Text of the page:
Can cannabidiol (CBD) treat Parkinson’s symptoms?

In a world first clinical trial, researchers will test whether cannabidiol (CBD) can treat Parkinson’s psychosis symptoms with the help of the Virtual Biotech.

What's CBD?

CBD is a compound found in the cannabis plant. Unlike another component, THC, CBD is non-addictive and doesn’t cause intoxication. You may have already heard of it because of its potential as a treatment for epilepsy and multiple sclerosis. 

Hallucinations and delusions are common symptoms of Parkinson’s. Around 60% of people experience these distressing symptoms. Current treatments can make other Parkinson’s symptoms worse, as they block dopamine receptors in the brain. This makes this research even more exciting as the existing information we have on CBD suggests it has no side effects.

 

What’s the Virtual Biotech? 

The Parkinson’s Virtual Biotech is our best chance of turning promising discoveries into real treatments for people with Parkinson’s.

A biotech is a company that uses the latest technology and expertise to take the best scientific discoveries and turn them into new medical treatments.

Our Virtual Biotech operates in the same way but instead of doing it for profit, like a standard biotech, we’re doing it for people affected by Parkinson's. We don’t own our own labs, hi-tech specialist equipment or employ a team of scientists because this would be enormously expensive. Instead, we’re taking an efficient approach. Partnering with institutions and pharmaceutical companies worldwide that already have the expertise, tools and infrastructure. In a chronically underfunded area, this means more money can be put into promising treatments.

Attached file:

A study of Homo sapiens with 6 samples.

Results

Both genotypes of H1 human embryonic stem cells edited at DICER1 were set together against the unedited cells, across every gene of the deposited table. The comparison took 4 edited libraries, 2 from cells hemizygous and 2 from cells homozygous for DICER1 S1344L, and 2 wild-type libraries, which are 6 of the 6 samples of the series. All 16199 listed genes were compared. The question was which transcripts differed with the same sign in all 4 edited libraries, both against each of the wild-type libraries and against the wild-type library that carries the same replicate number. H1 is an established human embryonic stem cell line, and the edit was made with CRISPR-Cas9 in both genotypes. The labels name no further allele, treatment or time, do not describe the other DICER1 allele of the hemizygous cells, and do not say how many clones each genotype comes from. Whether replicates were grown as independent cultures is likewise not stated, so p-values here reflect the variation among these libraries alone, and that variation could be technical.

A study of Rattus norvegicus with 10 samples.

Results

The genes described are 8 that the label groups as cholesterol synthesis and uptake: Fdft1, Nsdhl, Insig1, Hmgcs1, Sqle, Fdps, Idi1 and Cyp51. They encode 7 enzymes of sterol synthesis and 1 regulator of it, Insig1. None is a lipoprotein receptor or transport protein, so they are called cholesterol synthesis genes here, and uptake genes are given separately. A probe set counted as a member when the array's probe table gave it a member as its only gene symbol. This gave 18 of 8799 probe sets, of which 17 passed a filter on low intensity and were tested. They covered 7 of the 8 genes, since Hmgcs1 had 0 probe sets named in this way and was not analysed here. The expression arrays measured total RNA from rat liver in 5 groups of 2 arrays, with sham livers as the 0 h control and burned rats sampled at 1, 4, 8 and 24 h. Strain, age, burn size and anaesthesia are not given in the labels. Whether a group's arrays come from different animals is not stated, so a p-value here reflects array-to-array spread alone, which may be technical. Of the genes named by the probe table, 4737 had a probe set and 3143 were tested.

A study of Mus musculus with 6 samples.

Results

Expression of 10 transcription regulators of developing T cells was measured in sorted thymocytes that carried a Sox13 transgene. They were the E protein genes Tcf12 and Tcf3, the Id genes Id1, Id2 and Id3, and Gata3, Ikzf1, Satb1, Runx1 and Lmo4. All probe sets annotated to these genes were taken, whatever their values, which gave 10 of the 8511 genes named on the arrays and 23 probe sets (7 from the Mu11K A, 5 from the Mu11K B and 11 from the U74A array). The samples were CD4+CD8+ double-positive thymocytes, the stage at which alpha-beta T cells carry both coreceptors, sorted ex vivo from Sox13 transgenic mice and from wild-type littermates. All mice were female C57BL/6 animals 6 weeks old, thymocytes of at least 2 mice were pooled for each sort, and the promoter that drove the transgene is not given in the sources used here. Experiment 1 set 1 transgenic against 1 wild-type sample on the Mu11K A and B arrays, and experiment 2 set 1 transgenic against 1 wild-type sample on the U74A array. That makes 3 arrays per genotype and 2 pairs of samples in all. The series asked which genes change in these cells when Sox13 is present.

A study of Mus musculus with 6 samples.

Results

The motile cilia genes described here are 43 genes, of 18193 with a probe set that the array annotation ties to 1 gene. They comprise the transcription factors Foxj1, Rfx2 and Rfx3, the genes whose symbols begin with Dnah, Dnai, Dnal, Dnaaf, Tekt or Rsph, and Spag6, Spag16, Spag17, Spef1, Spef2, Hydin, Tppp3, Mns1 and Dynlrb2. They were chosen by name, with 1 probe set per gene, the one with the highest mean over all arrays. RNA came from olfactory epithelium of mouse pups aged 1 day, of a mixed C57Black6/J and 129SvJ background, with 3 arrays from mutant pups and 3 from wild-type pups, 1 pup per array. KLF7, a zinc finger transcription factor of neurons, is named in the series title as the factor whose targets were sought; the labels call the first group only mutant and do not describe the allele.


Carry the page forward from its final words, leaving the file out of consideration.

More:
This project is the first clinical trial to go through the Virtual Biotech and the 6th project overall. 

Watch the video below to find out more about the Parkinson's Virtual Biotech. 

What's next?

Over the next 3.5 years, Dr Sagnik Bhattacharyya and Dr Latha Velayudhan at Kings College London will test whether CBD helps psychosis symptoms. During this test, they’re aiming to find out how safe the drug is, if it does have any side effects, the best way to administer the drug and the ideal dosage.

Once the researchers know whether it improves psychosis symptoms, the treatment would progress to a phase 2 clinical trial, on a much larger scale.  

Currently, there is no treatment for these symptoms that doesn’t have adverse effects. 

This pioneering research could be life-changing for people with Parkinson’s facing symptoms of psychosis. Donate now and be part of the science accelerating these research breakthroughs.

 

How can cannabidiol affect Parkinson’s symptoms. 

Current treatments for psychosis work by blocking dopamine receptors in the brain, which can make other symptoms of Parkinson’s, such as a tremor, worse. What's exciting about cannabidiol is that it seems to act in a different way without causing any other side effects. However, the clinical trial will investigate how accurate this is for people with Parkinson's. 


- Dr Sagnik Bhattcharyya

Want to find out more?

  • Explore cannabidiol in more detail in this article by Claire Bale
  • Explore the project in more depth in this blog by Dr Katherine Fletcher
  • Interested in finding out more about the Virtual Biotech? Visit this page of our website.